Saying that a language or language variety marks a grammatical category of "habitual aspect" implies that there is some construction that is dedicated to expressing habitual actions.
"He works" uses the English "simple present tense" construction, which has perfective as well as habitual interpretations. Even if in practice "he works" would typically be understood as referring to a habitual action, this isn't because the verb is marked for habitual aspect specifically: this interpretation is based on a combination of the inherent meaning of the verb work (I think "Aktionsart" is a relevant concept) and the meaning of the progressive aspect, which could have been used but wasn't (that is, "works" is an explicitly "non-progressive" form, contrasting with the progressive form "is working").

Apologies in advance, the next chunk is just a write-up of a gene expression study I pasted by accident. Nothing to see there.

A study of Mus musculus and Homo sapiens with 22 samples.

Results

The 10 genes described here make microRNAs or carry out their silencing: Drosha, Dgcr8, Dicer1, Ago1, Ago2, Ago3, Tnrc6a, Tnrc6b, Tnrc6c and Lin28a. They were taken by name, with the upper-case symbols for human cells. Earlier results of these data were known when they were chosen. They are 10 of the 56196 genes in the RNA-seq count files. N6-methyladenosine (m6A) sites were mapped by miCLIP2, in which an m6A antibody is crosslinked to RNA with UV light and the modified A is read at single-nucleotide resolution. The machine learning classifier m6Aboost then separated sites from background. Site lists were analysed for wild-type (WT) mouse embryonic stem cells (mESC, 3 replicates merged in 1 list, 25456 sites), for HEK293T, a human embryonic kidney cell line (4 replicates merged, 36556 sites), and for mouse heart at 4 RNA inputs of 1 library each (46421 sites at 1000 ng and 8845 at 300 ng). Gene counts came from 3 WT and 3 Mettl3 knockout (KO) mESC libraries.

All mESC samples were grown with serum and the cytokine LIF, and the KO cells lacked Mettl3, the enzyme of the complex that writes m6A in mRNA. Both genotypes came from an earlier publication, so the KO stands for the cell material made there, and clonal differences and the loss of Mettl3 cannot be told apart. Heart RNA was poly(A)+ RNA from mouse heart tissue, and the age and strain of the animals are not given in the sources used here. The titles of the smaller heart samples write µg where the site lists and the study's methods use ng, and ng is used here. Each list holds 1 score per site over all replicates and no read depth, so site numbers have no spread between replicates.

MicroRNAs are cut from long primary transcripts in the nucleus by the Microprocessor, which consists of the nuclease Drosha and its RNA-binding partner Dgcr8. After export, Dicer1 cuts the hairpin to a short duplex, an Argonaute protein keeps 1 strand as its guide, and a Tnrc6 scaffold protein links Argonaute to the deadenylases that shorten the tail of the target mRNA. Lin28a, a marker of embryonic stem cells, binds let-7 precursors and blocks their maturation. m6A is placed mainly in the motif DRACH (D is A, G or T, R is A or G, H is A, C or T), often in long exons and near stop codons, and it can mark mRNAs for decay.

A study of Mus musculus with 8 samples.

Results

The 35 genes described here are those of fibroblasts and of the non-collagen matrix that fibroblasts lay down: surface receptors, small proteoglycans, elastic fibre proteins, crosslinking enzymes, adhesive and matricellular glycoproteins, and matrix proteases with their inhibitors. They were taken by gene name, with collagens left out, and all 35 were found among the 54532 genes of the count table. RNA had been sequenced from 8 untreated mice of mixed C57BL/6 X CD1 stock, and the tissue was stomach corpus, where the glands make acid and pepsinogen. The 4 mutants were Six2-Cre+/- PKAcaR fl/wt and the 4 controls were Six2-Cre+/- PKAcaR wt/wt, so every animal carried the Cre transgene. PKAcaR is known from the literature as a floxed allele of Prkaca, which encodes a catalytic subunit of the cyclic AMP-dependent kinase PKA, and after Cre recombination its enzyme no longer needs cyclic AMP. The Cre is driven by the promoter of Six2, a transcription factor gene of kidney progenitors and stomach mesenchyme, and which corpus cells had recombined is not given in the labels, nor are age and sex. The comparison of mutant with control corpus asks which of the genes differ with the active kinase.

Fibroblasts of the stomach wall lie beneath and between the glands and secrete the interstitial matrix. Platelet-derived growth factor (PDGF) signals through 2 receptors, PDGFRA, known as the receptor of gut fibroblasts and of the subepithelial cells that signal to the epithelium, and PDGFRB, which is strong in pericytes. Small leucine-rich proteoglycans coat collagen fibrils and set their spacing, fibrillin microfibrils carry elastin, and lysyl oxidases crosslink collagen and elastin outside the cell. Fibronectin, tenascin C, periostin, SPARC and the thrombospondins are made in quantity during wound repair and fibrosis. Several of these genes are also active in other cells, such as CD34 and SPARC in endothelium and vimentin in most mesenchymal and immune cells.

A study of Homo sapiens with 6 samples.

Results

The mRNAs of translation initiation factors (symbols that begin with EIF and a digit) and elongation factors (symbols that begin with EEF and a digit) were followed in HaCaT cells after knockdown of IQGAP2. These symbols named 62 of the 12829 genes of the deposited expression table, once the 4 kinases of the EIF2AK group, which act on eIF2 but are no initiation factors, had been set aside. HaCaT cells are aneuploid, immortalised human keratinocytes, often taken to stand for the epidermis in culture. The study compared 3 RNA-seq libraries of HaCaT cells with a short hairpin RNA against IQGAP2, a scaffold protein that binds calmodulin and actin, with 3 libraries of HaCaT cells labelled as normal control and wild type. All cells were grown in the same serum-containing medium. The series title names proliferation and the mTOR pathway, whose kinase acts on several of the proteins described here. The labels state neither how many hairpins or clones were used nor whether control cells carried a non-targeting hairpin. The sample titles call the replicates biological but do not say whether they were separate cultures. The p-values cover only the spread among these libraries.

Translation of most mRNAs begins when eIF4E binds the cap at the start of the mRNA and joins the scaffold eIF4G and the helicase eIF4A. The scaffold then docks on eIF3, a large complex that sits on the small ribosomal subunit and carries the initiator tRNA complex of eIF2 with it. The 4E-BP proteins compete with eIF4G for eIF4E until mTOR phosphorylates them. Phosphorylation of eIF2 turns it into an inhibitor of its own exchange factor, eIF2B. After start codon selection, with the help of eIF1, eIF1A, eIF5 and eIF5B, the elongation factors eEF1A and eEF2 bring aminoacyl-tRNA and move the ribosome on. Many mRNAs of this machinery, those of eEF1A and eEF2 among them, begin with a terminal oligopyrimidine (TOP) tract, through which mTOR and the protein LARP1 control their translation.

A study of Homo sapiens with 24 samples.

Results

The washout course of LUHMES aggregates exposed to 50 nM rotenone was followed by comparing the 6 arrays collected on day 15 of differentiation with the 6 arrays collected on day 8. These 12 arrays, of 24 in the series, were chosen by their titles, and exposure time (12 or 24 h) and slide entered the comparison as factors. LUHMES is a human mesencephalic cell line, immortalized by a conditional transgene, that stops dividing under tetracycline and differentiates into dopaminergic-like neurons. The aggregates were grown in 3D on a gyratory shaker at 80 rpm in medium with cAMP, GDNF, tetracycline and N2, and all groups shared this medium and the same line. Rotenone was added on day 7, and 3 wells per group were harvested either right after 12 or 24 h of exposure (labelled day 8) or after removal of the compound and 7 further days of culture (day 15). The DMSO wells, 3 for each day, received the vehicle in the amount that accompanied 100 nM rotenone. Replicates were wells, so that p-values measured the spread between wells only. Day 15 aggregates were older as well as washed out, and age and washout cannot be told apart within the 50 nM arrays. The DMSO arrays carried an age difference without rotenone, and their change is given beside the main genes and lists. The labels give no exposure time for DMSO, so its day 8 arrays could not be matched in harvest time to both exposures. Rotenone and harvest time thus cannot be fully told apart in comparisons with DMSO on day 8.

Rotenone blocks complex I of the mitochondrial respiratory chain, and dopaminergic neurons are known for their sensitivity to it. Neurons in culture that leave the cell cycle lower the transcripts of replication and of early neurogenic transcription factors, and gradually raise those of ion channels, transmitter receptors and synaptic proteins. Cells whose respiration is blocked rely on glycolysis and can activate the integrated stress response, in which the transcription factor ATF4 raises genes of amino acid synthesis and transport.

Look at the following passage:
First of all, he exhibits a "wonder" by dividing Jordan; then he works a miracle of mercy, by healing the bitter waters; thirdly, by his curse, he brings about a miracle of destruction...
(The Complete Pulpit Commentary, by Henry D.M. Spence)
"He works" in this context does not refer to a habitual action, but to an action that took place at one particular point in time.
The "simple present" often has a habitual sense in Standard English, but it has several other uses that make it inappropriate to call the "simple present" a dedicated "habitual aspect" construction.
For certain categories of verbs that are not widely used in the progressive (e.g. verbs of perception), non-habitual uses of the "simple present" form are fairly common: "I see a spider", "I feel the wind on my face", "I hear a bird calling over there" don't refer to habitual situations.